100 Fantasy Football Tips in 100 Days, Day 52: The Prototypical QB
I published an analysis of “the perfect” quarterback in RotoWorld’s Draft Guide. You need to be a subscriber to view it, but here’s a preview:
A Hefty Workload
Workload is such an important factor in every player’s fantasy projection that I considered not even mentioning it; without significant opportunities, no player, especially a quarterback, will be able to produce elite fantasy stats.
To show why this is the case, consider the distributions of quarterback efficiency (YPA) and workload (attempts) in 2013.
I charted YPA and passing attempts for the top 30 quarterbacks as a function of the No. 1 overall quarterback in each measure—Nick Foles with 9.1 YPA and Peyton Manning with 659 attempts. You can see that there isn’t nearly as much of a drop in YPA, which really levels out after the first few elite quarterbacks. Meanwhile, the drop in workload is much more linear. Quarterbacks who don’t surpass 80 percent of the top workload in the league just don’t have much of a shot at being an elite fantasy passer.
It’s worth mentioning that rushing attempts are certainly a major factor in quarterback workload, so they shouldn’t be ignored when discussing opportunities.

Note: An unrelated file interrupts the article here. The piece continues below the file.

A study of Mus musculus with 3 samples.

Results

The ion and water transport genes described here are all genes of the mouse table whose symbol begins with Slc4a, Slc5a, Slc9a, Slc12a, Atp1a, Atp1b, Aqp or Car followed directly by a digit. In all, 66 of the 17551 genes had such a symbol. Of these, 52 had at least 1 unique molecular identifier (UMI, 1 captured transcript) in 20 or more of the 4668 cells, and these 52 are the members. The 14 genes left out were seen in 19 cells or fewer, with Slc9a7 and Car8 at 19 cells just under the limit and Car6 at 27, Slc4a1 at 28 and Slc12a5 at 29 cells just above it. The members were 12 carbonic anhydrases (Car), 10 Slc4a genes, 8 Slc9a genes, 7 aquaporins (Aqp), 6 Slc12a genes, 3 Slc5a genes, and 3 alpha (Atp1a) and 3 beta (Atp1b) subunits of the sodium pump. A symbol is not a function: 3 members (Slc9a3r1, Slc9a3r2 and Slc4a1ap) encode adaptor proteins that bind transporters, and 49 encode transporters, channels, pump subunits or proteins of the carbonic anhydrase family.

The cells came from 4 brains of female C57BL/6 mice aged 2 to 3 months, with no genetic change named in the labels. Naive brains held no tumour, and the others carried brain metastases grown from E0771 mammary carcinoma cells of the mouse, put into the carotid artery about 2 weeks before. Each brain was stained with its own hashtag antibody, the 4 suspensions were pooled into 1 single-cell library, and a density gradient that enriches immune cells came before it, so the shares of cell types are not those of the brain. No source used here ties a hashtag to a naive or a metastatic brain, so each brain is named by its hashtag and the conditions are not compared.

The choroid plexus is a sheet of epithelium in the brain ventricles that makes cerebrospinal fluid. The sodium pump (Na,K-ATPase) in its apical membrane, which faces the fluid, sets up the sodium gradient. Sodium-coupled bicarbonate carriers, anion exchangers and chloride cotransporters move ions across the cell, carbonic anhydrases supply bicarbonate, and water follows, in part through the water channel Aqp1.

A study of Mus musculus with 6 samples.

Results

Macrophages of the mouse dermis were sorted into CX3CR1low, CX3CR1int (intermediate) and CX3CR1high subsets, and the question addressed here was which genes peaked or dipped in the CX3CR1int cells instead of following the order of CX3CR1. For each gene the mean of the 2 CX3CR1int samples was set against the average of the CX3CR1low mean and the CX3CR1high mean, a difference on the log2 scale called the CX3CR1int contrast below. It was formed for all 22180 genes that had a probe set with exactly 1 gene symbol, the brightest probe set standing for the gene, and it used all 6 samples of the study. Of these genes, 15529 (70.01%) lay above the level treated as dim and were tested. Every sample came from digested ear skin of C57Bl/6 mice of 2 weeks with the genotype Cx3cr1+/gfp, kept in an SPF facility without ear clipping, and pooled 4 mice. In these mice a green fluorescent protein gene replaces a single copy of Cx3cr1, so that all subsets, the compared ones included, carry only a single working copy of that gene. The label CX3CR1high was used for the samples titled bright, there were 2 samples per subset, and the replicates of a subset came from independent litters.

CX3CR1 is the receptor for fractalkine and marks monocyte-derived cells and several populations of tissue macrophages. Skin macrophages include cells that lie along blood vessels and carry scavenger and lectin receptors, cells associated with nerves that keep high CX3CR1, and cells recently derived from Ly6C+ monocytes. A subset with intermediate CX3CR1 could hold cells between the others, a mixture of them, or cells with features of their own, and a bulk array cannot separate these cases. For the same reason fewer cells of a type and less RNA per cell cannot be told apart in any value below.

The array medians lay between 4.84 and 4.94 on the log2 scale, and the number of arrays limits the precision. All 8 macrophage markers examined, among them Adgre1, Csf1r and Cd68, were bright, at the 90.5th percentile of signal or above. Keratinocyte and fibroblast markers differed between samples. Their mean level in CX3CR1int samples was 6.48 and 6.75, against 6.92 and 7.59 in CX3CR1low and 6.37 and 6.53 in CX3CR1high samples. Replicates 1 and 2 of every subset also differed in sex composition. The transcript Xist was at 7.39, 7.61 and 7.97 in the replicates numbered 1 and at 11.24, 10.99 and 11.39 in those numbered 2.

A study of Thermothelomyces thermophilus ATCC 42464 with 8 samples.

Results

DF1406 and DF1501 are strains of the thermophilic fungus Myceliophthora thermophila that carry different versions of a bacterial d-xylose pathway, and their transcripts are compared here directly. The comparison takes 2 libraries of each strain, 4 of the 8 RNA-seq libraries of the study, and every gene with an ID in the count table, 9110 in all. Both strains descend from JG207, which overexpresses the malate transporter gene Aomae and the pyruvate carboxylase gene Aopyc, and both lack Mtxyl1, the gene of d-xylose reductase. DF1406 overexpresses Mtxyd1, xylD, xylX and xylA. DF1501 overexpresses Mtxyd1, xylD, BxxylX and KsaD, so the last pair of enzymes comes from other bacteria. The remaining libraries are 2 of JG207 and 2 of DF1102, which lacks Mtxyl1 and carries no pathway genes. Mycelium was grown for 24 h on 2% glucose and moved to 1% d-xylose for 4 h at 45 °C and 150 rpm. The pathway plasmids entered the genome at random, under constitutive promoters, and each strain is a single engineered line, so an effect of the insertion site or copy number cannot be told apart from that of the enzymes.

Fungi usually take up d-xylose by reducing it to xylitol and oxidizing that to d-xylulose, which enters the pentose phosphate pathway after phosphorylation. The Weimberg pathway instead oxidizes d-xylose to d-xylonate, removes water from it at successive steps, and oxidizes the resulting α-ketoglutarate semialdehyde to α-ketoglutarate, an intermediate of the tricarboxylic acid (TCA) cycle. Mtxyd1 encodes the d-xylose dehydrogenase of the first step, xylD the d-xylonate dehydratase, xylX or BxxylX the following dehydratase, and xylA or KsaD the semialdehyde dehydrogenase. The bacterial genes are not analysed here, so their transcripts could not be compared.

Age Is Just a Number
I’ve done a lot of work on how age affects fantasy production. Here’s a look at how the typical quarterback progresses throughout his career in terms of fantasy points per attempt.
Most passers peak in their late-20s in terms of efficiency, but they also generally see more opportunities later in their careers, which means that overall fantasy production basically evens out. Quarterbacks are the anti-running-back, capable of producing at an elite level at age 37 as much as age 27.
Note that quarterback efficiency has typically fallen off a cliff, though; it isn’t a steady decline. That suggests that instead of projecting a player like Peyton Manning for a gradual drop in production, it’s probably better to view him in terms of probabilities; as he ages, the probability that he just sort of “loses it” will increase each year. My guess is that when Manning is finished, we’re going to know it pretty quickly.